For her exhibit Strong Breezes and Passing Clouds at the Cape Ann Museum, MA., Hawaii-based artist Diane KW (Diane Chen) revisits her nautical theme of transferring images from historic documents to ceramic plates and shards that were salvaged from old shipwrecks. You can read CFile’s earlier coverage of Diane’s work (including her experiments with spam e-mails) here and view work by Diane KW for sale at the CFile Shop here.
Strong Breezes and Passing Clouds isn’t a typical art exhibition. Diane installed the series in the “functional spaces” of the museum, the coatroom vestibule and the restrooms. The sets are comprised of ceramic shards from shipwrecks dating from 1620 to 1850, which the museum states occurred in the South China Sea, the Pacific Ocean and the Atlantic Ocean. The shards were donated by marine archeologists and antique collectors. The artist commented regarding the exhibit’s location that, “In an art museum, art should be everywhere.”
There’s a story with the exhibit as well. Diane searched the Museum’s archives and found a pair of journals from 1838. These journals are from Edward Babson, a captain aboard the Cadet and his wife Amanda Babson, who was writing in Gloucester. Portions of these journals were applied to the ceramic shards. The husband and wife were separated while Edward was at sea and so Diane paired entries which were written on the same days. The journal entries are peppered with historic accounts of lost or missing ships at sea.
An unsettling, almost creepy, effect is achieved as we consider the journals’ contents. Babson was never shipwrecked but that thought is never far from his mind during his travels. That fear factors greatly into his entries from the trip. It would be easy to write his concerns off as simple anxiety, but Diane’s choice to print these on shards from actual shipwrecks confirms his fears— he could have been one of these wrecks. It’s a clever, devious comment for Diane KW to make and it’s a good thing for Babson’s peace of mind that he’s not around to see these today. As a fan of horror, I love how the story plays out on quiet, elegant blue and white ceramic objects. The narrative subverts the expectations created by the medium it’s printed on and I hope it traps visitors who happen to glance at the exhibit in passing as they leave the bathroom.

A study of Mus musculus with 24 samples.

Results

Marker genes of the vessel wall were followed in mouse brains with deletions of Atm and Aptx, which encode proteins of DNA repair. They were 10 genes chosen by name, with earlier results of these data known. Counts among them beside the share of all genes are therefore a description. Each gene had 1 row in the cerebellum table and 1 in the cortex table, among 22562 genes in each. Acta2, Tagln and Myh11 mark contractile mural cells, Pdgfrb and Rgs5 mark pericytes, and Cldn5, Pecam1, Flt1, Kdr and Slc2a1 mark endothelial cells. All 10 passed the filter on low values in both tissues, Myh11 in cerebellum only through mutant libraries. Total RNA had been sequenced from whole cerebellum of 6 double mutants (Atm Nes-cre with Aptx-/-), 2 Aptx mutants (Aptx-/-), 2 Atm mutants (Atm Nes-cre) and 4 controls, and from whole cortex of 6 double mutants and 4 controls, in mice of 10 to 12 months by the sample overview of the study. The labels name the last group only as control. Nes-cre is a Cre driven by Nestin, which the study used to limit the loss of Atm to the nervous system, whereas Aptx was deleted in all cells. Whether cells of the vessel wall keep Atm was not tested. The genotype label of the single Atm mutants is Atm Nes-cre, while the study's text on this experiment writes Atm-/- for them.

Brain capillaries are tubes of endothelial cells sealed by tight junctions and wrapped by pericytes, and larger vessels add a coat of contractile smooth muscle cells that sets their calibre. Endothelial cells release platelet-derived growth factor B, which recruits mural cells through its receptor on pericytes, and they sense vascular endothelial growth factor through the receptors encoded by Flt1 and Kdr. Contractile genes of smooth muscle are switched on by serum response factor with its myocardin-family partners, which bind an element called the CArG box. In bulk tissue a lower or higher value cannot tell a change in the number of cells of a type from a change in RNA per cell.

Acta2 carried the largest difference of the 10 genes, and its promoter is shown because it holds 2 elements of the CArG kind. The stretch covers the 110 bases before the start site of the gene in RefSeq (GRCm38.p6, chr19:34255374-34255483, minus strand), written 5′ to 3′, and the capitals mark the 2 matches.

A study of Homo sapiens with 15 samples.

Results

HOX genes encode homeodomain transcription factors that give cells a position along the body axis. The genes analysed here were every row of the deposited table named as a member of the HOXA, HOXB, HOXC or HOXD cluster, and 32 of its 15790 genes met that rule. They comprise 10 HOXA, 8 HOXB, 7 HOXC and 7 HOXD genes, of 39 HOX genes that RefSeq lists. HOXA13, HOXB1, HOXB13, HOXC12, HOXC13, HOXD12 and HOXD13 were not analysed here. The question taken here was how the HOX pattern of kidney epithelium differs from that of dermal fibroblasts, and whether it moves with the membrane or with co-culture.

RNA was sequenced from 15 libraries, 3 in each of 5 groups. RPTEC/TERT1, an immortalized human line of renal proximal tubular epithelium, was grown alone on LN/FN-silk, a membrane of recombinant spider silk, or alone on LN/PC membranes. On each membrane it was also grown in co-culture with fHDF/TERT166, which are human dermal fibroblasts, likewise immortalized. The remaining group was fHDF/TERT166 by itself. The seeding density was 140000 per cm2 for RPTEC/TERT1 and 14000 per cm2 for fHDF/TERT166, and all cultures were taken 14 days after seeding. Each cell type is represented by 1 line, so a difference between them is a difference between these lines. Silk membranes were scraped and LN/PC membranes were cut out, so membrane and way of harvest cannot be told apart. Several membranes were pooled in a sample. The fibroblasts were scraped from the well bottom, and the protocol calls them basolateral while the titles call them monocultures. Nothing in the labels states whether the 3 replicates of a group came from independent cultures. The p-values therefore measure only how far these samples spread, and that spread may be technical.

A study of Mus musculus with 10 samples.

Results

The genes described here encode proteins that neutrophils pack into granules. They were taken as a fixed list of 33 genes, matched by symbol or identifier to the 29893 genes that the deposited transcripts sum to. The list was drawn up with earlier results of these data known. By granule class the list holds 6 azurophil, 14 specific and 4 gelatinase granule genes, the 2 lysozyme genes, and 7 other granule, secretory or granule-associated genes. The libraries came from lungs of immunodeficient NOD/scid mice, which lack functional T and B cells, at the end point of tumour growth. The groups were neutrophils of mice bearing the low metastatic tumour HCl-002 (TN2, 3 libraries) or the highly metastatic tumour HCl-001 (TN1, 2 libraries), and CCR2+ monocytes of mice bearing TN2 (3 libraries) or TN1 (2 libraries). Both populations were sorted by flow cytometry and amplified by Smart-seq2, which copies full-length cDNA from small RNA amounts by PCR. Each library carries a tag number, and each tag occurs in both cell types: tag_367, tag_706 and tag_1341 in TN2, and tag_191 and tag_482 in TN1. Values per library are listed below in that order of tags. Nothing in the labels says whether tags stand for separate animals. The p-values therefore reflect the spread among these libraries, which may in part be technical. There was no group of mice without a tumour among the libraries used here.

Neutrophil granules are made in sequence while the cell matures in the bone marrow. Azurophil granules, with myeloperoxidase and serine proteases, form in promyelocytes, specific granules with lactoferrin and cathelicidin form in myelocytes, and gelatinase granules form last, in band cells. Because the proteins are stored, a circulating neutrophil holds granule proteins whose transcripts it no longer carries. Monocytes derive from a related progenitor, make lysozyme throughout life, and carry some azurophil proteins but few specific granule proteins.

This isn’t to say that suspense is Diane’s singular aim with this work. Since she was working with people’s journals, she was able to highlight what was happening to her subjects in their quieter moments. I especially like Edward Babson’s experiments with art. Some of his sketches of birds or passing ships adorn works in the exhibition. A plate Diane made for the exhibit also shows Babson practicing his penmanship while his vessel was becalmed. The artist states that he would write “calm” or “dead calm” over and over again, trying to perfect his handwriting.
Diane KW became an artist following a career as a neurologist, epidemiologist and researcher in the United States and Switzerland. Much of her work we’ve shown on CFile deals with similar collage work on ceramic shards, but she also creates hand-carved vessels, which you can see on her website linked above. She’s exhibited at the Honolulu Museum of Art, the Nanchong University Ceramic Museum in China and the Groninger Museum in the Netherlands.
In addition to the installations in the Museum’s functional spaces, Diane also has an exhibit of six Chinese export plates from 1735 to 1750 which continues the story of the Babsons. Images of these plates and their descriptions by the artist follow below.
Bill Rodgers is a Contributing Editor at CFile.
Above images: Installation views of Strong Breezes and Passing Clouds by Diane KW, 2014, at the Cape Ann Museum. All installation photographs by Judith Monteferrante, courtesy of the artist.